Setting: It’s a Big East-Atlantic Coast Conference clash of the titans when Jay Wright and his No. 3 seed Villanova Wildcats (28-7) throw down with Mike Krzyzewski and the No. 2 seed Duke Blue Devils (30-6). Put on a pot of coffee this is the late game (9:57) at the Bank North Garden in the heart of Bean Town.
Plot: This is Duke’s 33rd tournament appearance. The school’s 88 wins rank fourth all-time in tournament history. Duke topped Binghamton (86-62) and Texas (74-69) to get here.
Coach K and staff made a lineup change a month ago, and inserted freshman Elliot Williams into the starting five. The result: Duke has won their last five and 10 of 11.
The last time Krzyzewski made a change like this Chris Duhon replaced senior Nate James. Duke went on to win the 2001 national championship. Suddenly, Duke looks revitalized with Williams leading the defensive charge.
28 wins is a school record for the Wildcats. Villanova’s second round victory over UCLA (89-69) was its sixth this season over a ranked opponent. The 20-point margin of victory was the largest of any of those contests. Villanova survived a scare in the first round to beat American 80-67.
Villanova is making its 30th appearance in the Dance. The Wildcats have advanced to the Elite Eight 11 times. Twice Villanova has made it to the finals. They lost in ‘71 and won it all in ‘85.
Flashback: Duke holds an all-time record of 7-3 versus the Wildcats including a 2-1 advantage in the NCAA tournament. Duke and Villanova last squared off in November of 2000 with the Blue Devils winning 98-95. The two schools last met in the Dance in 1978 with Duke getting the better of its opponent.
Conflict: Williams versus Scottie Reynolds—the freshman against the junior. The fledgling and the wily veteran. Reynolds is a master at creating contact and using it to his advantage. He made Darren Collison look very average last weekend.
But Collison and his three Final Four appearances created a feeling of entitlement. The 6′4″ Williams, with a wing span that seems at least that much, plays like he has something to prove—because he does!
Can Williams slow down Reynolds?
What will Villanova do with Jon Scheyer? Since taking over the point, Scheyer has scored double digits in every game and the denizens of Cameron Indoor have only fallen once. Scheyer creates a dilemma.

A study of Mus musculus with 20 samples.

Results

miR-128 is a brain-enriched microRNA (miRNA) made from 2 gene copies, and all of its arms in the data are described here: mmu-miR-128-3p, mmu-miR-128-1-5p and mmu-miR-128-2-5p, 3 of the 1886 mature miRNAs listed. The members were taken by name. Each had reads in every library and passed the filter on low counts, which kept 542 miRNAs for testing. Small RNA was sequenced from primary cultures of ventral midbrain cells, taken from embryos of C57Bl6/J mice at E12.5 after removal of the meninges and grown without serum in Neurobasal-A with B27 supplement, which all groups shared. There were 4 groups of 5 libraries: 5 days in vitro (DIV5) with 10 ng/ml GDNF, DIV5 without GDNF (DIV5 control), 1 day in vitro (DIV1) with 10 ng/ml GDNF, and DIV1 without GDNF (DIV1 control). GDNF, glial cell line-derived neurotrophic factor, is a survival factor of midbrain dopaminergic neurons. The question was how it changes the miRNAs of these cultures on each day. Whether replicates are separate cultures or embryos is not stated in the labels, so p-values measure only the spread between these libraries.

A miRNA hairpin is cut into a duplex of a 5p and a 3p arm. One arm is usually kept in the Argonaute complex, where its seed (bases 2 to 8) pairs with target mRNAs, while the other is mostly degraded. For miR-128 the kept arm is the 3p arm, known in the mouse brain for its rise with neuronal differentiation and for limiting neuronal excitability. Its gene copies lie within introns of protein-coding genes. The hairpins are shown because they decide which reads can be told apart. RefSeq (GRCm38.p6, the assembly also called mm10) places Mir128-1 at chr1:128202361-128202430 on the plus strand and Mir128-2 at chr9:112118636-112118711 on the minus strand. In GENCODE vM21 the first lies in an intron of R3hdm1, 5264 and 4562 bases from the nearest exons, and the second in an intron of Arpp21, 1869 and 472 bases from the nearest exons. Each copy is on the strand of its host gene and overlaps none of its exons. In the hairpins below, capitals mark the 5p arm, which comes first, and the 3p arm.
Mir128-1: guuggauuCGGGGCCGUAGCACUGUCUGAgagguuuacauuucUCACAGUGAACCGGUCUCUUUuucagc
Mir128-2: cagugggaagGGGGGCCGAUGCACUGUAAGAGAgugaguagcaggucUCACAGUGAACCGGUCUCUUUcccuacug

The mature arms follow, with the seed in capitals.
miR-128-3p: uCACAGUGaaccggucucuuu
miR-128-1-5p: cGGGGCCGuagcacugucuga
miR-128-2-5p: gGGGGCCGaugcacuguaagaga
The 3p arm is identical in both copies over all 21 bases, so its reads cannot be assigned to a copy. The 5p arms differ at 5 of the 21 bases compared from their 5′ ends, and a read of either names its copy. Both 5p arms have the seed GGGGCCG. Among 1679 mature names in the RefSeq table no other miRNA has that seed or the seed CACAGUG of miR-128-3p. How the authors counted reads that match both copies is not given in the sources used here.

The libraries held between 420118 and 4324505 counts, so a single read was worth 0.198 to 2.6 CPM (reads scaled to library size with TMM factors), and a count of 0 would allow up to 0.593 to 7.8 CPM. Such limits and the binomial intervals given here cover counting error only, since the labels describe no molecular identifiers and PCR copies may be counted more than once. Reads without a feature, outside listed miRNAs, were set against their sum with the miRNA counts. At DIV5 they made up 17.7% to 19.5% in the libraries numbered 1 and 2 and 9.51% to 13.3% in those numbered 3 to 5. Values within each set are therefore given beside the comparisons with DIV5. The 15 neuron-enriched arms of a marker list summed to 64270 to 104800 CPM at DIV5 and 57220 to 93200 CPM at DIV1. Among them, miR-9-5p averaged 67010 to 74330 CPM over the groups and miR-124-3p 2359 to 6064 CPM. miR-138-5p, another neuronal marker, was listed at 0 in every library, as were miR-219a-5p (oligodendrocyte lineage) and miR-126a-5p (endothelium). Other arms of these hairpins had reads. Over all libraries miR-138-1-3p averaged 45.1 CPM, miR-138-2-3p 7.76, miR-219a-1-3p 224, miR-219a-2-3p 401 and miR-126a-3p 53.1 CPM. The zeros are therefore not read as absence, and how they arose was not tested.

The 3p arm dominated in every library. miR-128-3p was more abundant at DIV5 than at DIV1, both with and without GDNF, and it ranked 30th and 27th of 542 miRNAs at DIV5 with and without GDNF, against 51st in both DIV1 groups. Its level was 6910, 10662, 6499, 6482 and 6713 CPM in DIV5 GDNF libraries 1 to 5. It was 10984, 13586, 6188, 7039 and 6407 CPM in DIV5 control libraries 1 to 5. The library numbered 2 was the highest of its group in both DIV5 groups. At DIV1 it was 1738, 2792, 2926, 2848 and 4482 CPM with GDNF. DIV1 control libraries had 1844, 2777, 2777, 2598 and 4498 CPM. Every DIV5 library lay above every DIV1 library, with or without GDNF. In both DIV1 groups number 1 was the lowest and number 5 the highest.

By 21st century standards he is an anti-point guard. He barely seems capable of of beating opposing defenders off the dribble. But opposing defenders seem incapable of rattling the junior. With his vision of the Scheyer is having a calming effect that elicits an efficient Duke offense.
Texas’s Damion James (6′7″ -222lbs.) and Dexter Pittman(6′10″ -298lbs.) created problems for Duke in the previous round. Can Villanova’s front line of Dante Cunningham (6′8″), Shane Clark (6′7″), and Dwayne Anderson (6′6″) have a similar effect?
Villanova’s size, or lack of it, will limit the usefulness Brian Zoubek (7′1″) who might find it difficult keeping up with the smaller and quicker front line of the Wildcats.
Irony: Despite their relatively smaller stature Villanova holds a rebounding margin of five while Duke outrebounds its opponents by three.
Something has gotta give: Both teams average over eight steals per game. Both have a field goal percentage around 45 percent. And both hit over 35 percent from behind the arc.
Characters: Who will defend Gerald Henderson? The junior has come into his own this season after dealing with nagging injuries in the past. Henderson averages16 points and just under five rebounds per game.
Henderson’s emergence has taken pressure off Kyle Singler. Can Cunningham stick with Singler when the sophomore forward steps out to the perimeter?
If Villanova’s guards get hot from the outside, will Duke be able to stop them off the dribble when the floor is spread?
Climax: Williams will frustrate Reynolds, and Scheyer will lead the Duke offense.
Resolution: Duke will continue to hold an advantage over Villanova in the tournament.